You Can and Should Be a Leader – Even if You Aren't a Natural


With a few basic skills, you can expand your influence and make your organization a better place to work.

Fam Pract Manag. 2017 Nov-Dec;24(6):5.

Physicians are by design expected to be leaders. On the most basic level, a family physician leads the delivery of care in a medical assistant-physician team. On a more complex level, a family physician may run a large health care organization. Often, the larger the organization we find ourselves in, the less we may feel like leaders and the more we may feel like worker bees.

In this issue, we present an article by John P. Franko, MD, titled “How to Lead Up in Your Organization,” which describes how employed physicians in particular can enhance their leadership skills so their voices can be heard. However, the article is a worthwhile read for everyone because its lessons are broadly applicable.

A key insight is that leadership is teachable. Although some folks may be “natural born leaders,” the rest of us can improve our leadership skills if we focus on the right things and practice them. Franko lists seven areas to work on: cultivating emotional intelligence, understanding the power and politics at play, choosing being effective over being right, becoming more intentional, helping your supervisor, disagreeing without being disagreeable, and not expecting credit all the time.

Of these areas, emotional intelligence is probably the most important. Franko doesn't go into lengthy detail about it, but he offers some background and tips and references Emotional Intelligence 2.0.1 This book is an easy read and essentially a self-help resource for increasing your emotional intelligence. It outlines four critical skills – self-awareness, self-management, social awareness, and relationship management – and provides numerous strategies in each area to improve your competence. (Look for an article on emotional intelligence in the January/February issue of FPM.)

Why should you improve your leadership skills? First, it can prevent you from feeling powerless in your organization. Second, it can help you make a positive contribution to how your organization is run. Third, it can help you counteract bad leadership where it exists.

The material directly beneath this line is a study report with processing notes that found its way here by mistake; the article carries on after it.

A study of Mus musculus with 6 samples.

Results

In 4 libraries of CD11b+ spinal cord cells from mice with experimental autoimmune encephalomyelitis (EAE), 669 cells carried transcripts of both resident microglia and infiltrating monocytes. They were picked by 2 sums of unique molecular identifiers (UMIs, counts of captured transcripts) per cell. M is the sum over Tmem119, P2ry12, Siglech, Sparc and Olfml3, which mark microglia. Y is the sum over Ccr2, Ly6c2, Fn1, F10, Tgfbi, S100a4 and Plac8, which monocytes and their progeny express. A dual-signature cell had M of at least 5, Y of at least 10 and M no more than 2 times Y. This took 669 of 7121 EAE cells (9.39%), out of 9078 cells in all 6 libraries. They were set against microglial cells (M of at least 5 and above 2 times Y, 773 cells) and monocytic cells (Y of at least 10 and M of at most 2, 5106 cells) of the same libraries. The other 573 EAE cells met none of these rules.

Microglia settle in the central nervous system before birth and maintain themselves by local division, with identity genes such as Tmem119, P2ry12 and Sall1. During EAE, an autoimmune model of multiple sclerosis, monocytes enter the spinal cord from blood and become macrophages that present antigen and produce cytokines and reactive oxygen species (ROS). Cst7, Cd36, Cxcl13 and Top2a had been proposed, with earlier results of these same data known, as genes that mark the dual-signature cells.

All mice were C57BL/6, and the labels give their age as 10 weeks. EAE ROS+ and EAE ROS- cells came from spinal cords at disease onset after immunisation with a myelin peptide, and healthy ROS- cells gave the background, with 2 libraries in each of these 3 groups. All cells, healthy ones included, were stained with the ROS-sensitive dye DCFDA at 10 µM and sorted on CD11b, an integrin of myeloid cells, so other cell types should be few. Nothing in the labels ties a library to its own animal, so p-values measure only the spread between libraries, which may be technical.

1. Bradberry T, Greaves J. Emotional Intelligence 2.0. San Diego: TalentSmart; 2009.


Copyright © 2017 by the American Academy of Family Physicians.
This content is owned by the AAFP. A person viewing it online may make one printout of the material and may use that printout only for his or her personal, non-commercial reference. This material may not otherwise be downloaded, copied, printed, stored, transmitted or reproduced in any medium, whether now known or later invented, except as authorized in writing by the AAFP. Contact for copyright questions and/or permission requests.

Want to use this article elsewhere? Get Permissions


Jan-Feb 2021

Access the latest issue
of FPM journal

Read the Issue

FPM E-Newsletter

Sign up to receive FPM's free, weekly e-newsletter, "Quick Tips & Insights."

Sign Up Now


Tobacco Cessation Telehealth Guide

Smoking cessation counseling and pharmacotherapy options are cost-effective ways to help patients quit smoking. Learn the role telehealth can play in your practice’s efforts, along with billing, coding, and documentation tips.

Understanding and Improving Risk Adjustment in Team-Based Care

Understand the basics of risk adjustment and how it is used in value-based payment (VBP) arrangements. Learn strategies to thrive in VBP and risk-adjustment models to optimize payment while providing high-quality patient care.

Incorporating Alcohol Screening and Brief Intervention Into Practice

Incorporating alcohol screening and brief intervention benefits your patients and family medicine practice. Follow these steps to reduce risky alcohol use by choosing a screening test, establishing a practice workflow, and appropriately coding and billing.